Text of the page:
Twitter Files from January 8, 2021, the day former President Trump was banned from Twitter, show Twitter’s safety team admitting that Trump’s final tweets didn’t violate the rules before other staff reframed them as “coded incitement to further violence” and then used this far-reaching phrase to justify banning him from the platform.
Twitter publicly cited two tweets to justify its Trump ban — a tweet thanking the 75 million Americans who voted for him and a tweet announcing that he would not be attending the January 20, 2021 Inauguration of Joe Biden.
But the fifth batch of Twitter Files, which were released by journalist Bari Weiss, show Twitter employees, many of whom were pushing for Trump to be banned, admitting that the first tweet wasn’t violative, hours before he was banned from the platform.
“I think we’d have a hard time saying this is incitement,” one employee wrote.
“Don’t see the incitement angle here,” another staffer said.
Twitter policy official Anika Navaroli agreed that she also was “not seeing clear or coded incitement in the DJT tweet.”
Navaroli added: “I’ll respond in the elections channel and say that our team has assessed and found no vios [violations] for the DJT one.”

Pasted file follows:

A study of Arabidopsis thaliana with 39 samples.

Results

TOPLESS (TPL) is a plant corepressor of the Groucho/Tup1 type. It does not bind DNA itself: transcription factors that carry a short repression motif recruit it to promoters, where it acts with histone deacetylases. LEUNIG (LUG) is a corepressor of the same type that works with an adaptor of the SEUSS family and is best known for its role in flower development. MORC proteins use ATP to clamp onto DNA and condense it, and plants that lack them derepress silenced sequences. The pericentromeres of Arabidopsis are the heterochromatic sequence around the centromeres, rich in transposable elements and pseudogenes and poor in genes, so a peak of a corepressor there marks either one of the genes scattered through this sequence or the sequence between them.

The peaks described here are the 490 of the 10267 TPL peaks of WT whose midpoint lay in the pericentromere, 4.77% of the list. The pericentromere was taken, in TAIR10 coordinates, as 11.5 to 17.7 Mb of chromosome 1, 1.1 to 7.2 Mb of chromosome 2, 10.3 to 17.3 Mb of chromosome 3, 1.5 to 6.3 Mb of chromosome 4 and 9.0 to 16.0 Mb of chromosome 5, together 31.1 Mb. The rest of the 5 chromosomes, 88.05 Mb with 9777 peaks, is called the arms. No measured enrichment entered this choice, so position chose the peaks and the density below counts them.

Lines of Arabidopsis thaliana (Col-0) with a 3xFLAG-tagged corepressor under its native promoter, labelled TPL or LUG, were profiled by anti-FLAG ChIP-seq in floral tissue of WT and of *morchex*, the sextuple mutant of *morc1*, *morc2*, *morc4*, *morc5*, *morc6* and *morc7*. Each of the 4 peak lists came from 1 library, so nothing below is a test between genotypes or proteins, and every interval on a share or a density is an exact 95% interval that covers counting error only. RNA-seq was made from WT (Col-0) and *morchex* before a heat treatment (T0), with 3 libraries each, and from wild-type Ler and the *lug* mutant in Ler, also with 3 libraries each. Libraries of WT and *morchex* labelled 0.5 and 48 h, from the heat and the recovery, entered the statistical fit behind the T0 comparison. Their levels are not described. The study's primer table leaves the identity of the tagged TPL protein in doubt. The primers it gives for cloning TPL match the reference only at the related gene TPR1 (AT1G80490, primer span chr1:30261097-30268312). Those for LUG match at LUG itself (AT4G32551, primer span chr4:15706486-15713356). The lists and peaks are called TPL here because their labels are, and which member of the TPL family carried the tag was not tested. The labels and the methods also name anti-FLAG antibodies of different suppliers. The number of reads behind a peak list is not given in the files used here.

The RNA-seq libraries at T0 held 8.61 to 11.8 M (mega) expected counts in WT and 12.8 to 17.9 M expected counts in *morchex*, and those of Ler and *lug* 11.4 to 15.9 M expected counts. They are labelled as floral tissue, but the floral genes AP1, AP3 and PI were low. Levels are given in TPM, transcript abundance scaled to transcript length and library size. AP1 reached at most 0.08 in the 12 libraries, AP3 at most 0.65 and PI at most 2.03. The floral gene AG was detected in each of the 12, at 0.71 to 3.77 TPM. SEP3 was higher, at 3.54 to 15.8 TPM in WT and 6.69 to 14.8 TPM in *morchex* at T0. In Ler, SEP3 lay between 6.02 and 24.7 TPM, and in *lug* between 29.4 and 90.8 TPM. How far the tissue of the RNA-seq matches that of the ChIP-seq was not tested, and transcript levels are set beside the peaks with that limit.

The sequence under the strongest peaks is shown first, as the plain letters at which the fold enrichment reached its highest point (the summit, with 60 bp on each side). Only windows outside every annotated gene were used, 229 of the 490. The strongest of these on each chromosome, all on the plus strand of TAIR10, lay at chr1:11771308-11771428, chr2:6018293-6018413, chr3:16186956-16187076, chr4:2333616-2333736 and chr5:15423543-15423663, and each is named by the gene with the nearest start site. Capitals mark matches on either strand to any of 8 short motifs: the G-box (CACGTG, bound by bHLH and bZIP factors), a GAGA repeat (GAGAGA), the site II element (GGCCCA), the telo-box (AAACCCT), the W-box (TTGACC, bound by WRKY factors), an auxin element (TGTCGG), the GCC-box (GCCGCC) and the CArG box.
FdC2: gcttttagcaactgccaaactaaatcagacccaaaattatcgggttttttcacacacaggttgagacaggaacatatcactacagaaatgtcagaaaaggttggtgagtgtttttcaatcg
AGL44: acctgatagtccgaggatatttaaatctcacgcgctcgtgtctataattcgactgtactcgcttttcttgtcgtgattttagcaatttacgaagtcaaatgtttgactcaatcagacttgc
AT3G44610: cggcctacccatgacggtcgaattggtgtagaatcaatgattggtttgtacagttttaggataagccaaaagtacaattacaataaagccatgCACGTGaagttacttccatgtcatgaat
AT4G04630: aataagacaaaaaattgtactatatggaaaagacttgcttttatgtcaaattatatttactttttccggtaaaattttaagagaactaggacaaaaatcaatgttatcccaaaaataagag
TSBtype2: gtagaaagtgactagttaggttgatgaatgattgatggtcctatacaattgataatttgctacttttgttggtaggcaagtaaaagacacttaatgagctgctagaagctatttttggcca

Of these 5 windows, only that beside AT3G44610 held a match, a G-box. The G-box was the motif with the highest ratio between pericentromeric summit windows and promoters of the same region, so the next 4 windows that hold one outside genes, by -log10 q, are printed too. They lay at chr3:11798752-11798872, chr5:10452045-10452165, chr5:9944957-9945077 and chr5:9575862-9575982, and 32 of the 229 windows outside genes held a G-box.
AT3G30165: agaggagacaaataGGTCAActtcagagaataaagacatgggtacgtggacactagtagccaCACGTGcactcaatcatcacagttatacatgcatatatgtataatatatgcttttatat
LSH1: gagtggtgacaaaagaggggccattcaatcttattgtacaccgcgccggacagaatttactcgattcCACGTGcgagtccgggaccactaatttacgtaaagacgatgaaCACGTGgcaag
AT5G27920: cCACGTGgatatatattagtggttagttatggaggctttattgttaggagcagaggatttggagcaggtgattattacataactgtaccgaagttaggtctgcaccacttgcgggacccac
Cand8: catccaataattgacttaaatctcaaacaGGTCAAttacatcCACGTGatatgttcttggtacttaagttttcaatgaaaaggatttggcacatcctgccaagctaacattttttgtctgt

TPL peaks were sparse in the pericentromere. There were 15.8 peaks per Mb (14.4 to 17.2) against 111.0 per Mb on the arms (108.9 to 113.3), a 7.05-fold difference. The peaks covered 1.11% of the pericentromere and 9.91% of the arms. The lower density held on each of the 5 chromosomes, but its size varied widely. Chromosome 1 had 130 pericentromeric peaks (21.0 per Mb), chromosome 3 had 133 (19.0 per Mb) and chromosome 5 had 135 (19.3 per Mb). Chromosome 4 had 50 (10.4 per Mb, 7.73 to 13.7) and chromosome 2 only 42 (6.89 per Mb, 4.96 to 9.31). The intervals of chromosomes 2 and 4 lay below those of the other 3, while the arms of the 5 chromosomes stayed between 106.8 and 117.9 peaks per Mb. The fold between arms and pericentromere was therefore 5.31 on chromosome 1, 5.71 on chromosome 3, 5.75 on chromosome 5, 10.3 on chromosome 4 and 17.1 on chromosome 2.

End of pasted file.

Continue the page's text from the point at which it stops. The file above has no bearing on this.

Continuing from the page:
Interestingly, Navaroli would later testify to the January 6 committee: “For months I had been begging and anticipating and attempting to raise the reality that if nothing—if we made no intervention into what I saw occurring, people were going to die.”
The internal conversations around the second tweet were similar with Twitter’s safety team stating: “It’s a clear no vio.”
But less than 90 minutes after Twitter staff had decided the tweets didn’t break the rules, Gadde stepped in and questioned whether the tweets were “coded incitement to further violence.”
Once Gadde stepped in, Twitter employees started finding new ways to frame the tweets as violating the rules.
Twitter’s “scaled enforcement team” suggested that the first Trump tweet could have violated Twitter’s Glorification of Violence policy if Twitter staff considered “‘American Patriots’ to refer to the [January 6] rioters.”
Members of this team also came to “view him as the leader of a terrorist group responsible for violence/deaths comparable to Christchurch shooter or Hitler and on that basis and on the totality of his Tweets, he should be de-platformed.”
Two hours later, Twitter executives held a 30-minute all-staff meeting. Gadde and then-CEO Jack Dorsey answered questions about why Trump hadn’t been banned and the answers reportedly made some employees even angrier.
After the meeting, then-Head of Safety Yoel Roth posted that: “Multiple tweeps [Twitter employees] have quoted the Banality of Evil suggesting that people implementing our policies are like Nazis following orders.”
And around an hour later, Twitter took the unprecedented step of banning a sitting US President from a Big Tech platform.